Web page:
By RYAN HERMAN
West Lincoln’s boys basketball team is having an identity crisis.
No, the Rebels aren’t diving into a Miley Cyrus-like tailspin, but rather it’s almost as if they have seen the light.
The West Lincoln team that has shown up for its last three games isn’t the same team that was blown out in seven of its first eight. The current West Lincoln team has done a complete 180-degree turn, and for the better.
I was at Fred T. Foard the night the Rebels were blown away 101-60. As the game went along, I noticed –– or what I thought I was noticing –– the Tigers were running up the score. The two schools are rivals in terms of proximity, and Fred T. Foard didn’t stop running and gunning until it hit the century mark with 18 seconds left.
But I couldn’t have been more wrong. What I thought was a team purposely embarrassing another was nothing more than a team taking advantage of what its opponent gave it –– an open basket.
It was West Lincoln’s game plan: Spread the floor, give the opponent as many looks as you can so as to get the ball back quickly and score yourself in transition. Think Grinnell College, the Division III school known for playing zero defense and purposely allowing one player to take all its shots as to get them into the NCAA scoring record books.
No, the Rebels weren’t singling out one player offensively, but they were trying to make the game fun for a group of players that had little experience playing with each other and the game itself.
What coach Karl Sain once described as “chaos” was indeed ugly –– and, in terms of wins and losses, it didn’t work. But it’s helped them in the long run.
All that running and all those turnovers and all that let-the-other-team-have-an-open-lane has slowed the game down for West Lincoln, so much so that it won its first game in more than a year on Friday and in its last three games have two losses by a combined 13 points.
In their 0-8 start this year before falling 69-63 to Lincolnton on Dec. 20 (a game the Rebels led until the end), they were losing by an average of 21 points, with their closest game a two-point loss at Valdese Draughn on Dec. 4.
They beat North Lincoln 75-65 in the opening round of the Peoples Bank Holiday Clash using a half-court set, which gave them open looks and created lanes to the basket. They also played a half-court set on defense, and clogged the middle against a team that likes to go inside.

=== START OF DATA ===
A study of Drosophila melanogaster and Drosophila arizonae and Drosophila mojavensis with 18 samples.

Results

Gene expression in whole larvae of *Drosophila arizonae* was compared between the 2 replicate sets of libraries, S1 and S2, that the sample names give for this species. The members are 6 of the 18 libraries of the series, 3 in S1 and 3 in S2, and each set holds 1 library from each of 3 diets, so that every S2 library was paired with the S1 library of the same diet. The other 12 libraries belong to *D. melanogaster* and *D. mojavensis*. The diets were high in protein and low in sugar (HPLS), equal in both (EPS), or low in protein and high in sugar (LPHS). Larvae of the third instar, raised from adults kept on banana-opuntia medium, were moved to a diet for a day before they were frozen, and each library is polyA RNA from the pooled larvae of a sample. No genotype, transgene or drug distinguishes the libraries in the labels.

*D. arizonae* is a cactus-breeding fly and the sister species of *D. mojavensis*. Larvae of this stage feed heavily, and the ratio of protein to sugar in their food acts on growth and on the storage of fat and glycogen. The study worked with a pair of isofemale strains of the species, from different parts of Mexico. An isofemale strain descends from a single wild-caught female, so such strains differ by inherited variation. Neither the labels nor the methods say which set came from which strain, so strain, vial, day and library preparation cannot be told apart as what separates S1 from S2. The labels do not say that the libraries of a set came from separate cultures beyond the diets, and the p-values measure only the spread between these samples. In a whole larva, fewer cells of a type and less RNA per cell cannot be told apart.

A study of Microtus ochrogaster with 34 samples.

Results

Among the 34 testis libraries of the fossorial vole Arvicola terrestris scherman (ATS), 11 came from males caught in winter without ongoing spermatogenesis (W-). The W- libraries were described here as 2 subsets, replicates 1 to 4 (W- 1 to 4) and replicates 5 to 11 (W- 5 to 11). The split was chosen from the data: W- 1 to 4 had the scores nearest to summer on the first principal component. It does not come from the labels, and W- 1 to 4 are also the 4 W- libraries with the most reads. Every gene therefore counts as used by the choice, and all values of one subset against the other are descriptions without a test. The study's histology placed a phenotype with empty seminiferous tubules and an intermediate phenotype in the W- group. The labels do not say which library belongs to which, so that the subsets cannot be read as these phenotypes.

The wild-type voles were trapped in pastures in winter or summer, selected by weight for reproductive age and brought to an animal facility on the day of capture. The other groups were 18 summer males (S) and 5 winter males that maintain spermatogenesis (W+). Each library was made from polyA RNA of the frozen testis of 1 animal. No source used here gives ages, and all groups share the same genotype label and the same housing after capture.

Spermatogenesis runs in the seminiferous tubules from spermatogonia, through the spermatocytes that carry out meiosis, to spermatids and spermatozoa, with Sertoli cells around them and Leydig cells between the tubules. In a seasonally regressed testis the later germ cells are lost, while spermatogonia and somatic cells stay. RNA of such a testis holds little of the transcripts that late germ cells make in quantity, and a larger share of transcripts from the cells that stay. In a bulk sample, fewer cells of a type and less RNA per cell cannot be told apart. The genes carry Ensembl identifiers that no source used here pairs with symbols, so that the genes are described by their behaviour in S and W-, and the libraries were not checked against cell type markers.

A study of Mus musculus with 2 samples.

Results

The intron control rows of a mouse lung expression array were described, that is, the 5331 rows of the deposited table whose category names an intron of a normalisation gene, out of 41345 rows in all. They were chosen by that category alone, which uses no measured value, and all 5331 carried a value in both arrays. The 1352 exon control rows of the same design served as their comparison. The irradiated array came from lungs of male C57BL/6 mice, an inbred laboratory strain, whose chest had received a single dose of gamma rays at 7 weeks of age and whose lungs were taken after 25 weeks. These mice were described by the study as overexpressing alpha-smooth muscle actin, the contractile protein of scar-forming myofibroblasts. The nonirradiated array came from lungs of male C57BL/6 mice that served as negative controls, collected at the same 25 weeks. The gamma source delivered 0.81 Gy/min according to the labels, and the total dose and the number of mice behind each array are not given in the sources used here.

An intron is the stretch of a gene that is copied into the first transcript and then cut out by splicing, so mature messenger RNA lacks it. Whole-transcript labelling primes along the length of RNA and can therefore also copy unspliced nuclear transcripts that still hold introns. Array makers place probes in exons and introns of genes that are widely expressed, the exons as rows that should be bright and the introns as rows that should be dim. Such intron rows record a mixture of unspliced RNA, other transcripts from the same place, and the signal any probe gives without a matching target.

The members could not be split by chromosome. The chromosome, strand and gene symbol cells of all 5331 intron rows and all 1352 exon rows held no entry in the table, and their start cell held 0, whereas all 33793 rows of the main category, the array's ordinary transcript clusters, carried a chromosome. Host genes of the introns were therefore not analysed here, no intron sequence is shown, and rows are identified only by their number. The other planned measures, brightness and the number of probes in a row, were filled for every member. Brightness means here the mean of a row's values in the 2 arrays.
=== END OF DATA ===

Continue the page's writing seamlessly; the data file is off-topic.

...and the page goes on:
In the championship game on Saturday, West Lincoln let a double-digit lead slip away to Bandys, but the Trojans had a lot to do with that. They finally got hot, and started playing defense while the Rebels cooled off.
Instead of taking 59 really bad shots like it did on Dec. 6 at Fred T. Foard, West Lincoln took 45 against Bandys, and most were good, wide-open looks.
“We’ve got some shooters who are getting better looks now with some slight changes in the offense,” Sain said after the 86-79 loss on Saturday.
West Lincoln’s improvement was even lauded by the coach of the tournament champion.
“The kids played their tails off. We got down big. My gosh, I think (the Rebels) hit seven out of eight 3-pointers in the first half –– they were on fire, and shooting the ball from anywhere on the floor and making it,” Bandys coach Scott Stilwell said.
For those who may haven given up on the Rebels eight games into the season, remember this: Nine of the 14 on their roster played football and joined the team late. Many of those had played very little organized basketball before. And what looked like a hopeless mess has now given the team hope.
A team that, a month ago looked as if it didn’t know what a basketball was, has figured out what to do with it.
“(The football players) are a lot of winners who know how to win. The problem is, we didn’t have much experience playing with each other. As we gain experience we’re also gaining that cohesion,” Sain said. “I think we’ve got a much better identity on both offense and defense now, and that’s starting to come out.”